Teens taking risks
Teens taking risks

6 Ways to Let Teens Take Risks—Even (Or Especially) in a Pandemic

This summer, after an early dinner during a family trip to North Carolina, my 15-year-old made a request: “Can I take a walk?”

A few years ago, the question would have given me pause. We were in a new place, and we were on vacation—we were supposed to be together. “Absolutely,” I said. “Just be back before dark.” 

Teenage brains crave risk. During these formative years, a kid’s frontal lobe—the part of the brain that inhibits our action—takes a bit of a break. 

“We think about it as our brain’s manager or boss, and that kind of goes a little bit offline,” said Stephanie Zerwas, an associate professor at the University of North Carolina at-Chapel Hill’s department of psychiatry. 

It happens for biological, developmental and evolutionary reasons. If teens don’t take risks, they might never take the biggest risk of all—leaving  home to strike out on their own. And while some teens might turn to drug use or other dangerous behavior, many more can satisfy their craving for risk with healthy activities such as playing a sport, starring in the school musical…or exploring a new place on a family trip. 

“Travel scratches that itch,” said John Duffy, a clinical psychologist and author of Parenting the New Teen in the Age of Anxiety. It gives kids the opportunity to be daring with activities that would seem completely tame at home. Teens can build confidence, resilience and their own identity along the way. Duffy said.

Of course, during the COVID-19 pandemic, even the simplest trip can feel very risky. But many teens have been stuck in lockdown without the usual opportunities to take chances—making it even more important for parents to loosen up a little. If you’re planning to travel this fall, here are six ways to give your teens the risk they crave. 

Let Them Lead

Instead of presenting a parental plan for exploring a new place, let your kids map out a day of activities and then guide everyone through their itinerary. It’s entirely possible that you’ll be late for your dinner reservations or that an activity will fall flat, but that’s the point. They also might realize they’re decent planners and navigators too. “Some kids are surprised that they have any affinity for that at all,” Duffy said. 

Mix It Up

Visiting the same place every year can be comforting and build memories, whether you do a week at Disney World or rent the same house at the beach each summer.

But that routine can also be confining. Throw some surprises into your ritual-filled trips, Duffy said. Include some activities that are new, exciting and even a little scary—whether that’s riding a new roller coaster at your favorite theme park or parasailing at the beach.

“If you’re anxious about your kid walking the streets alone then, at the very least, find some challenging components,” Duffy said. “Some kind of little adventure that is something outside of their comfort zone.” 

The benefits for teens start from the moment you say, “Yes.” 

Give Them Independence

Just like my 15-year-old went on her solo walk, it’s important to let teens take some time for themselves. It’s fine to set some parameters, especially around safety. Duffy said the benefits for teens start from the moment you say, “Yes.” 

“There is a feeling of independence around that, and a big part of it has to do with just the ritual of you saying it’s OK for you to do this,” Duffy said. “Like I trust that you can go and take a walk through these unfamiliar streets without me and you’ll be fine, and if you’re not, you’ll reach out, you’ll find me or you’ll find an adult who can help you through this.”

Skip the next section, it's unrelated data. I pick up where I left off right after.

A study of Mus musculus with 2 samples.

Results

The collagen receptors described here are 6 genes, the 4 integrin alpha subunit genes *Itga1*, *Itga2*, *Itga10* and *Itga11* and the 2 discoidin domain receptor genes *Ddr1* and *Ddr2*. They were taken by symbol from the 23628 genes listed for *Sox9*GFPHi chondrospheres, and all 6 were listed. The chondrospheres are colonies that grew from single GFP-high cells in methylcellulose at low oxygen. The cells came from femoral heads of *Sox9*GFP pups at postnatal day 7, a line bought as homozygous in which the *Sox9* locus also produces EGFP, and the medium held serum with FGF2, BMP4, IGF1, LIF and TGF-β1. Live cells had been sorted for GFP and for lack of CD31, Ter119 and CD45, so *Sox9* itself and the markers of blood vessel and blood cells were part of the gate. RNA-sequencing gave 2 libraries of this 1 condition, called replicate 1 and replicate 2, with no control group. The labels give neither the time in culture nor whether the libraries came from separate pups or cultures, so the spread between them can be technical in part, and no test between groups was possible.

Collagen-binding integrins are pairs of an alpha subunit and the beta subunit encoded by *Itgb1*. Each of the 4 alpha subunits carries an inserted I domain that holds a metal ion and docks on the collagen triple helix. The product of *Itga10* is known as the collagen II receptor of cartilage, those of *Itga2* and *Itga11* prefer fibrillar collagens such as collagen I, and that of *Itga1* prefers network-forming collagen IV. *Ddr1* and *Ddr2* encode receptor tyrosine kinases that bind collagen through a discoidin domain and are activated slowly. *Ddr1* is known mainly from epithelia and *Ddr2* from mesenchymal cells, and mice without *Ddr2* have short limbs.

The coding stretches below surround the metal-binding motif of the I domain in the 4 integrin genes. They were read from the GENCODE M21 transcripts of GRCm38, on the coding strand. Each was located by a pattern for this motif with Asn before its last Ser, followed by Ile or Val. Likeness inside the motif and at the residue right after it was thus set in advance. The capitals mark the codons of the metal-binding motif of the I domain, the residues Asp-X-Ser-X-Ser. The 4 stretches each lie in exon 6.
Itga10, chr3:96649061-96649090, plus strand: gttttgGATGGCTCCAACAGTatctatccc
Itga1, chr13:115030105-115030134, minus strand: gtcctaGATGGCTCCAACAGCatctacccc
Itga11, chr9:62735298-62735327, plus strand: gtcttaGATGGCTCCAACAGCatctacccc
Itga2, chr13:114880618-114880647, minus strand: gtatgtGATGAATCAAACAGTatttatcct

Avoid Being the Hero

Those uncomfortable experiences can pop up in all kinds of ways during travel — from not being able to find a bathroom in an unfamiliar country to having your phone’s battery drained to 1% and not knowing how to get back to the hotel. If your teen does get lost or the museum they led you to is closed, don’t jump in to help them.  

“The more you give them opportunities in smart and strategic ways to get lost and figure out how to get back to the rental house or navigate a situation that is awkward, the more you’re building up their competence and confidence,” said Zerwas the UNC psychologist. 

Take Advantage of Anonymity

For some teens, even simple things like buying their own ice cream or placing an order at their hometown pizza place can feel risky. What if they mess up around someone they know? Let them practice those skills when you’re on the road, when everyone is a stranger. Hand them the phone to order the pizza and give them $5 to get the ice cream on their own.

“Travel offers up this unique opportunity where they don’t have to worry about having an audience,” Zerwas said. “They don’t have to worry about running into somebody from school. It offers this really boundaried and compartmentalized space to try out all this stuff.”

Manage Your Own Emotions

It’s natural to have mixed feelings about all of this. Some parents of teens may be leery of giving their kids too much freedom in a strange place. They may also be counting down to—and mourning—the end of their teen’s childhood. During a family trip to the Caribbean, Duffy remembers his wife falling apart when their then 13-year-old son jet skied out of sight. 

“We just talked about it for a minute,” Duffy said. “He’s not gone forever, but this is an important thing for him. He’s going to feel different when he gets back here than he did when he left.” 

Sarah Lindenfeld Hall is a North Carolina-based journalist and parenting writer who fell in love with traveling while living in Cassis, France at age 7.